Happy Halloween everyone! I hope you’re doing well, enjoying your candy, your classic and not-so-classic horror movies, hiding under the cover reading THAT novel. You know the one, the one that makes you shiver, makes you quiver, makes the hair on the back of your neck stand straight up and then when you’ve put it away infiltrates your dreams.
Now normally around this time of year, I try to read something scary, or horrific. I try to find books that make me want to turn the page as quickly as I can and simultaneously make me not want to, so I can hold onto that feeling of fear for just a little bit longer.
This year however, I found myself not doing so. I didn’t even pick up a vampire novel until last night. Strange isn’t it?
Instead I read two books that hurt, and when I say hurt, I mean you care so deeply, so infinitely about these characters that you wish you could take care of them yourself.
The first book is one I loved, hated, and loved to hate but nevertheless is extremely well written, and I suppose is scary in its own right for how much it rings true.
The first book in a series, this one has been on my list, and on a lot of lists for some time. I don’t think a day goes by that I don’t see Tana French mentioned somewhere, so when one of my book clubs picked this for the book of the month I leapt at the chance.
You’re twelve years old. You’re playing in the woods with your two best friends. Something terrible happens. And the other two are never seen again.
Twenty years on, Rob Ryan – the child who came back – is a detective in the Dublin police force. He’s changed his name. No one knows about his past. Even he has no memory of what happened that day. Then a little girl’s body is found at the site of the old tragedy and Rob is drawn back into the mystery. For him and his DI partner, Cassie, every lead comes with sinister undercurrents. Rob’s own private enquiries are taking a toll on his mind.
And every trail leads inexorably back…into the woods.
Now if that can’t convince you to read this book, let me see if I can. Because it deserves an audience. If there is one thing that people care about, it’s an anti-hero. It’s someone who is so normal, that there can’t help but be something wrong with them. Rob Ryan is one of those people, he is living the best life he can and has moved on, or so he thought. His memories are lost, and he doesn’t seem to realize how much they’ll all mean until they’re investigating the death of a child.
These characters, Rob, and Cassie are deeply flawed. They are heroic. They are neurotic. They are obsessed but they are so delicately pieced together you can’t help but love them. And if you care enough about them it isn’t too long into reading that their pain becomes your own.
The second book hurts in a way that growing up hurt. It’s awkward fumbles with your first love. It’s rebellion against any and all authority while still trying to love your family.
Okay so he’s an actor. We’ve seen him on our TV screens as Gwaine, we’ve seen him work The Night Shift as TC Callaghan. He’s been at our conventions, on our Twitter feeds and now he’s on our bookshelves.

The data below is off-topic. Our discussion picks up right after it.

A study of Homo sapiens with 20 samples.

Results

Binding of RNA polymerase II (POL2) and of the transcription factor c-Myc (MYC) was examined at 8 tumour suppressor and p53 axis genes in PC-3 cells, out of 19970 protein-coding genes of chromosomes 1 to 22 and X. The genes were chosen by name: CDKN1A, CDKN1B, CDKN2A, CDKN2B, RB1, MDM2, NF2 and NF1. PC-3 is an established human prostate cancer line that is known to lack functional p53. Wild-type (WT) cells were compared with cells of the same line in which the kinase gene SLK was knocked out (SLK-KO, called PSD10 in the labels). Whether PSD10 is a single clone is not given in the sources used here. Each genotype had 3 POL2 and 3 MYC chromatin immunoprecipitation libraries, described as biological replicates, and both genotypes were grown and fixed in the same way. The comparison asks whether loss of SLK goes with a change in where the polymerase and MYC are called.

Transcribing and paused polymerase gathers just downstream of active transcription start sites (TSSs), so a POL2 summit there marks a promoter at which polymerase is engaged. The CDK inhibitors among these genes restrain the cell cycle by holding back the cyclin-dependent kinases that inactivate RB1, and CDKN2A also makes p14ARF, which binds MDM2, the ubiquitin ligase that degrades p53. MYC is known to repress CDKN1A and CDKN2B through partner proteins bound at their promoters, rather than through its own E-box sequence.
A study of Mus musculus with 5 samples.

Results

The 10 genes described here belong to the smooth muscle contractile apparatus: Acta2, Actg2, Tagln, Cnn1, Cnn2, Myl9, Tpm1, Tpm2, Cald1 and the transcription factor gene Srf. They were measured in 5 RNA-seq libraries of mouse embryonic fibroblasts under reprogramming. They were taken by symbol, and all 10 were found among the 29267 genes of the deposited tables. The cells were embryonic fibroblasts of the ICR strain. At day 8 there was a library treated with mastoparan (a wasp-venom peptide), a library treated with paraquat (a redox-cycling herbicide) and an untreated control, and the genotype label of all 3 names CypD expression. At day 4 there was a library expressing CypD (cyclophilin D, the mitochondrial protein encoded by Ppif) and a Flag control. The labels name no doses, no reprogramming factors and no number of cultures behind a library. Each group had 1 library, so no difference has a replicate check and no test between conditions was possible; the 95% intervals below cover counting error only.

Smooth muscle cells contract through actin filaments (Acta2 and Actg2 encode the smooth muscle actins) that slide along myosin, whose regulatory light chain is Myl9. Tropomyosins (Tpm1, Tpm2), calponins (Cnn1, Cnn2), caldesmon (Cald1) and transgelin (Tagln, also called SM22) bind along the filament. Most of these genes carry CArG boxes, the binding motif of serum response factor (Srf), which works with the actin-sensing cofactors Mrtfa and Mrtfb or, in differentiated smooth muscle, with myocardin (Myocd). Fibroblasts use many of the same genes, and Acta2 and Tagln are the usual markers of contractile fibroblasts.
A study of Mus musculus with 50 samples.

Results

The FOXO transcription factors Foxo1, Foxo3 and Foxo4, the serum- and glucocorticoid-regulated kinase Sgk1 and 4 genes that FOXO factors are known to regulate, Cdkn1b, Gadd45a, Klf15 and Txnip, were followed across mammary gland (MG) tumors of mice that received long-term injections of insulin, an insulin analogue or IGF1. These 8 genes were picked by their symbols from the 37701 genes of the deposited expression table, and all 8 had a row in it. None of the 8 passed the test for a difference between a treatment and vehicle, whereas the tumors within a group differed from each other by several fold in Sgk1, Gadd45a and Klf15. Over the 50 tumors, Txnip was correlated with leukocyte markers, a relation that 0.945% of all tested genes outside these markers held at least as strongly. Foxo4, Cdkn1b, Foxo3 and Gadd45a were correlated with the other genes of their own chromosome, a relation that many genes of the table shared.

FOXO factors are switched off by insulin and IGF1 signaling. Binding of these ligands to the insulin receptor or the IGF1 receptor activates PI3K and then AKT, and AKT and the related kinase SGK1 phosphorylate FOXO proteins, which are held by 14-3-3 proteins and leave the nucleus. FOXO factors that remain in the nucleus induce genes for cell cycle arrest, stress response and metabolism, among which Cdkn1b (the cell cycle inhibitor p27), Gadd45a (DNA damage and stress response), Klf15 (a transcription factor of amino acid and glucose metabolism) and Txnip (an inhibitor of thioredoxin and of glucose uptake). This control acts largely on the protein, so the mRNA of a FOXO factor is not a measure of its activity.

He directs, he produces. He’s an actor, and a humanitarian. An entertainer. But a writer?
I’m beginning to think that everything Eoin touches turns to gold.
Sam Leahy is a shy, fifteen-year-old boy navigating two social worlds: the uptight bullies at his all-boys’ private school and the small uncouth gang in his neighbourhood.
This gang of five follows the typical teenage-boy pattern: they drink, smoke, cause fights and vandalize property. Sam desperately wants to be accepted, but he soon finds that the only way to gain respect amongst the crew is to fight violence with violence. And it hurts.
When it comes to girls, Sam is clueless, but when he inadvertently meets Antoinette, the girl of his dreams, who is perfect, blonde, slender and sexy, he is enamoured . . . only to learn that falling in love has a price.
But being a teenager is all about redemption and recrimination, small events becoming catastrophic, and seemingly huge moments eventually meaning nothing. Through these events that shape a teen, Sam discovers the boundaries of sexuality, friendship, authority, and the possibility of death.
Now that’s a blurb. And it’s one, that initially upon reading made me go, “Okay, so…do I risk it?”
I’m glad that I did though. Because Sam is flawed in the way that all teenage boys are flawed, in the way that all teenage girls are flawed.
We are, after all, invincible when we’re young, are we not? And Sam is no different. Until bad things start to happen, and then good things.
What is in this book, is basically a version of everyone’s teenage-hood. Of everyone’s childhood. There will always be the gangs. There will always be the class struggles that shouldn’t happen. There will always be love, so fast and furious and painful that still burns years later.
There will always be those people you do your best to fit in with, even though you don’t really belong.
This book hurts in the best possible way, because even though I’m a girl, there is always that familiar, lingering pain of what it is to grow up.
It’s great. You should read it. Trust me.